I also would like to know whether Elazar is still interested in chumash.I find that so many times my kids pick something up, do it in an intense way for a day ( or a week) and then it falls off the radar. Then I look up, and nobody is doing what they seemed so interested and ready to do.
I would like to answer it in two frameworks, as a homeschooler and as an unschooler, because I think the answer differs, depending.
As a homeschooler, I would say that very often young children (meaning under high school age) pick things up in an intense way for a day or a week and then don't follow through.
One possibility is that they are actually learning in these intense bursts. Think of night and day, spring and winter. There are intense times and fallow times. The fallow times actually are times when there is unconscious processing or a gathering energy for an active time. Many times I had students who would be so quick at reading and writing some weeks, and other weeks it would be like pulling teeth. I learned to do extra during the bursts and just keep a bare minimum during the draggy times (or sometimes, perhaps, skip it and bring it up in a couple of weeks). Working with the child's natural energy ended up being more efficient.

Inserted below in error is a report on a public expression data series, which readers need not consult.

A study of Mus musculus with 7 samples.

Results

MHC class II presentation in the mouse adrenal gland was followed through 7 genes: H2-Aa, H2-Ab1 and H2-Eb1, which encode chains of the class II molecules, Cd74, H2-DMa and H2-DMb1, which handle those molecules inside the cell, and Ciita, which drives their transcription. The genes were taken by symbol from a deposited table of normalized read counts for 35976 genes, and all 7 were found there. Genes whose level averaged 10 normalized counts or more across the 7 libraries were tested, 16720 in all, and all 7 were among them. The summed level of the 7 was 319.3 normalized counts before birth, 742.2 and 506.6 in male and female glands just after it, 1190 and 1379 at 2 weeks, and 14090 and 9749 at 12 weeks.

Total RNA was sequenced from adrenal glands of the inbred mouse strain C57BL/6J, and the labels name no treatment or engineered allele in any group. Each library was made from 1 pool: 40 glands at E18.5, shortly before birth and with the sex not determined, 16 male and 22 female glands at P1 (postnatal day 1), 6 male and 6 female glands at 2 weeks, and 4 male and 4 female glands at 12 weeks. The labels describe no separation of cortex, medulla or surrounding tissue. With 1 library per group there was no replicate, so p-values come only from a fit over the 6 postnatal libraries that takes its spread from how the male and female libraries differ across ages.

Another possibility is that they ran out of energy because it is more difficult than they anticipated. The "fun" does not outweigh the "drudgework."
In this case, it's best to look on a case by case basis. Is this something where you think the drudgework is worthwhile? Will the child learn important self-discipline and follow-through? Is this an important long term skill to have? Is this work something I think is manageable for the child and s/he is capable of? In that case, it is my responsibility to set up the follow through and help my child achieve those skills.
Is it just a project that s/he thought was going to be awesome and now it's not actually fun? Did it cost me money? Did s/he make an actual commitment? If the only down side is that my kid seems to be a bit of a flake, I would let it go. There are many opportunities where your child will have to follow through on commitments and responsibilities that he or she has made. If you don't let him or her wiggle out of those, then they make great situations for practicing responsibility and follow through.